The new art loft, located next to the James Kaneko Gallery, was opened this semester by the American River College Fine Arts Club for students to work on their art projects.
It is mainly a free space for art students to work on assignments and art projects, but other students can work there too.
Art club students are free to work in the art loft during the open schedule and other times there isn’t a class in session.
To use the art loft, students have to be a member of the fine arts club and sign a waiver in agreement with the rules of use.
The loft is located on the second story in art classroom 504 in the Fine and Applied Arts area, next to the Kaneko.
Painting classes that were previously held in classroom 504 were moved to the arts and science building, making the art loft in the room available for use.
Many ARC students and members of the art club worked hard over the summer to make the upstairs space available for art students to work in.
Blanca Bastida, president of the art club, came up with the idea to utilize the loft and make it available mainly for art students to work in.
“The art loft was a project that came up over the summer,” Bastida said. “We wanted to make it into a place where artists could work, or just regular students that come up here to take a break.”
Bastida worked alongside instructional assistant Dolores White, art department chair Jodie Hooker and faculty advisers Patricia Wood and Craig Martinez to make the loft open for student use.
According to Bastida, the art loft was empty before they decided to make use of it for students to come up and work on their things.
Brad Carps, who had his art displayed in the ARC library stairwell earlier this fall, uses the art loft to work on his art.
“Its one of the best places to get the best natural light on campus,” Carps said of the loft.
The upstairs loft has large windows on one side of the room, lighting it up and creating a lighting that is enjoyed by the artists.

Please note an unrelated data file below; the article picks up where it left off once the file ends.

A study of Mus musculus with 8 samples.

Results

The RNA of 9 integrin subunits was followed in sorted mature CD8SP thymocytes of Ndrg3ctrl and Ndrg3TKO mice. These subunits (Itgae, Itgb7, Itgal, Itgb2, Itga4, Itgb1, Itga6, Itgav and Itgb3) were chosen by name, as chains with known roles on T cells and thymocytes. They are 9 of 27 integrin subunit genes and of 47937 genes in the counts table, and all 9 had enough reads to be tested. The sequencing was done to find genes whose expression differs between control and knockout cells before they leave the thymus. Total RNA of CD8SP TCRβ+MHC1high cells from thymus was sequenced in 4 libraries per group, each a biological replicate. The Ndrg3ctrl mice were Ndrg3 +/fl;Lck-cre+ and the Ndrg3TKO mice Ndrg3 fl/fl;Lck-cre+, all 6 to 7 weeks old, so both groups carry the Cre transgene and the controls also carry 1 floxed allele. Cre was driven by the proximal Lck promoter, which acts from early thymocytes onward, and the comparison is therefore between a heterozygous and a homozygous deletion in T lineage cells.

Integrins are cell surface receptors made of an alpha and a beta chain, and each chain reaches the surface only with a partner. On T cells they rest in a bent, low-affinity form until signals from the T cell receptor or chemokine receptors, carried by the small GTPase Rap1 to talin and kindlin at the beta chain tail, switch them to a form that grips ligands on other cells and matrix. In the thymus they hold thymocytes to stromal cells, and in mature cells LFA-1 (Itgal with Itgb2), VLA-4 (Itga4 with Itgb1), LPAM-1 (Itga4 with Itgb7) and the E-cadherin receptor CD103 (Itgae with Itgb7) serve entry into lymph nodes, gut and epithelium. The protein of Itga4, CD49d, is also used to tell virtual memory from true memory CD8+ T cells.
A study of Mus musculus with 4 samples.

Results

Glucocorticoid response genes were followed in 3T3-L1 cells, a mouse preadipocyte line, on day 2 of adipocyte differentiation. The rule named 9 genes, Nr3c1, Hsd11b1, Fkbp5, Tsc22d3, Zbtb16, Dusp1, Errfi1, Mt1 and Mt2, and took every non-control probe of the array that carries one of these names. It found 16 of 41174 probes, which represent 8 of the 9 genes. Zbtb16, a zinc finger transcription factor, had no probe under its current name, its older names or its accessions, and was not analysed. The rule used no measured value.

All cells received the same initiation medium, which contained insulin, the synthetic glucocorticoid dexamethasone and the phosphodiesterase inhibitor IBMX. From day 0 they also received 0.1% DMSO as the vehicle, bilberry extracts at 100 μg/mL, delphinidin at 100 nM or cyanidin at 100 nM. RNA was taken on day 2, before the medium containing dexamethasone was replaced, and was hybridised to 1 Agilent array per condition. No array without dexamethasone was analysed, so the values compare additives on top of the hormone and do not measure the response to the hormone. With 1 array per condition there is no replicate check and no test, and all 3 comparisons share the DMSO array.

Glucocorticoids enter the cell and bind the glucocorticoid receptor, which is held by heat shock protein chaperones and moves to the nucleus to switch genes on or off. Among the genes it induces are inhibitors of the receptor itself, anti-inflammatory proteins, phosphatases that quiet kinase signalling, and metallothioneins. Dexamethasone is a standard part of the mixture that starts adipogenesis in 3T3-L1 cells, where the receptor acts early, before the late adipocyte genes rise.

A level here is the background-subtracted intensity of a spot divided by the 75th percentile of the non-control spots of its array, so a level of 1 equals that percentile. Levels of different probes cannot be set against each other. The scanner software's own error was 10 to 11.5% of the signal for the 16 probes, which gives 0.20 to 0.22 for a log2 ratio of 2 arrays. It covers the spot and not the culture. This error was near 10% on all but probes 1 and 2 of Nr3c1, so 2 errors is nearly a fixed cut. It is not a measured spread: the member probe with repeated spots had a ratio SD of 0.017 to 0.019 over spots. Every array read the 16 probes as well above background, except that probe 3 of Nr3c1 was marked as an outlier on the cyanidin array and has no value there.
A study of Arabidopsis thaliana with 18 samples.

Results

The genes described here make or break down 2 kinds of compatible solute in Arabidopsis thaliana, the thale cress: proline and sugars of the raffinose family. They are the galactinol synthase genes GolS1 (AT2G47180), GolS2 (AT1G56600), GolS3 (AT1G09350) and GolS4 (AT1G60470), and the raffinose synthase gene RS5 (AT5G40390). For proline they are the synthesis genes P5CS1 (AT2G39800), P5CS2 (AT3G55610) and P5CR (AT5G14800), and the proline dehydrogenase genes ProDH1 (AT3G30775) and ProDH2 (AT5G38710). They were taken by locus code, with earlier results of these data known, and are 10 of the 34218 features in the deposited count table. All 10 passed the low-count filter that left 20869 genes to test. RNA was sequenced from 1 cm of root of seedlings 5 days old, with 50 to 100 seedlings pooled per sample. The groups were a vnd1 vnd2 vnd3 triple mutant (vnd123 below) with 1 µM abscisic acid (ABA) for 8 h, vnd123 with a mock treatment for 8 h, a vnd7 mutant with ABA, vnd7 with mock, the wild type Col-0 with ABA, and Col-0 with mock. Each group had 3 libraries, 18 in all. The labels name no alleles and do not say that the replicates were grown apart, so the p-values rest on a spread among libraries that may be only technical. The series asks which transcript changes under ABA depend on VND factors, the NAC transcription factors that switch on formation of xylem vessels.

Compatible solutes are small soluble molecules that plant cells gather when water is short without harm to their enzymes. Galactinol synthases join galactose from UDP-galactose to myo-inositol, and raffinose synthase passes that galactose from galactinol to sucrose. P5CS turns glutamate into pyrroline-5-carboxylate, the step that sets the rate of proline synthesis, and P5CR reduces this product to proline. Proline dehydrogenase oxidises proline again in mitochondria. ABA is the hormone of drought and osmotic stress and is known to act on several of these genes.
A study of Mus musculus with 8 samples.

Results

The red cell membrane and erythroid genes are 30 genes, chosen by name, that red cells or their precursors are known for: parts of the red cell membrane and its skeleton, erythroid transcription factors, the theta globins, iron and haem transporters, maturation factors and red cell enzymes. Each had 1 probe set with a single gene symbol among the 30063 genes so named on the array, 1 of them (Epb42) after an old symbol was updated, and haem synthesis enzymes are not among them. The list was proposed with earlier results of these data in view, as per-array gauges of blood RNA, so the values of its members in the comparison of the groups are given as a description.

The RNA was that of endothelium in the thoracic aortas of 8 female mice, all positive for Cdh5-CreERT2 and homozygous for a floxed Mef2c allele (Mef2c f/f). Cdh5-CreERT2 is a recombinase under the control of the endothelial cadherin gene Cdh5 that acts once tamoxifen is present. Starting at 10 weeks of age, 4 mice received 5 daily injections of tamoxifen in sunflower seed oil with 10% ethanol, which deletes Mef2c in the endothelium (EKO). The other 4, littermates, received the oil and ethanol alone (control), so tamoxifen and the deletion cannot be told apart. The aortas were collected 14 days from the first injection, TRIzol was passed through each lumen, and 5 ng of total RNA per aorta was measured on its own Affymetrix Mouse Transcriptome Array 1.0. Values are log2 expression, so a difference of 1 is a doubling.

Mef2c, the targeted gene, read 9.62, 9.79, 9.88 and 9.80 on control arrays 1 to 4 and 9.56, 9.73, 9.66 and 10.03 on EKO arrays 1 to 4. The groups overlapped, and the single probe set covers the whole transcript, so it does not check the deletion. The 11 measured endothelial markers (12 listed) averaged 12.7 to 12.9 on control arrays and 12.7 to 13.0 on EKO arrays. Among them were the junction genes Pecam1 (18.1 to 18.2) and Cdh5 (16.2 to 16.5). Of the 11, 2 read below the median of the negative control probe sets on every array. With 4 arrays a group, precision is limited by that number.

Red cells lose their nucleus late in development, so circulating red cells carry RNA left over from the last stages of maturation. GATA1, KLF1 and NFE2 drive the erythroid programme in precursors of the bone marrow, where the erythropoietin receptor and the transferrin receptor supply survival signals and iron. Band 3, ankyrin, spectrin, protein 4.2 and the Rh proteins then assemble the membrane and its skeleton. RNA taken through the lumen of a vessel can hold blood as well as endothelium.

“The art loft is basically an open art lab for members of the fine arts club to go to work on their projects,” Carps went on to say.
Carps explained that he used to work in the library before the art loft was made available.
“There’s a whole bunch of computer science labs, for example, but there wasn’t an area for artists to just go and draw,” Carps said.
“It’s a fun place to work and you can also do homework in there too,” Carps said.
Aerial Sudds, ARC student and vice president of the art club, took part in helping to make the art loft ready and available for student use.
“The art loft has been up there for ages, but it didn’t get the use it deserves at all because the lighting up there is so juicy.”
Sudds uses the art loft to work on her paintings for her painting class on campus.
“I sometimes come early before my painting class and go up there and paint,” Sudds said.
Sudds described working in there as “a very calm and collective environment”.
“It’s really cool working with other artists up there,” Sudds said. “Especially everyone just gets together and works on these little wood blocks”.
Erica Campbell is another vice president of the art club, and she contributed in making the art loft ready for student use.
“It’s so sunny and nice up there,” Campbell said of the space that she uses to work on her art.
Campbell talked about improvements that they planned on making to the art loft to make the loft more inviting.
“We want to put some plants up there to make it more inviting,” Campbell said. “We’re (also) looking to see if we can get more time opened up”.
Campbell hosts painting workshops using wood blocks on Fridays from 12 p.m. to 4 p.m. in the art loft.
“Brad Carps and Max Marchol have been cutting up (the wood blocks) for us and we do these mini works of art on the blocks to sell for a fundraiser,” she explained.
They have club meetings in the art loft, on the first week of every month; Mondays at 5 p.m. and Thursdays at 11:30 a.m.
The art loft open schedule for this semester is on Monday and Wednesday from 9 a.m. to 2 p.m. and Friday from 9-4 p.m.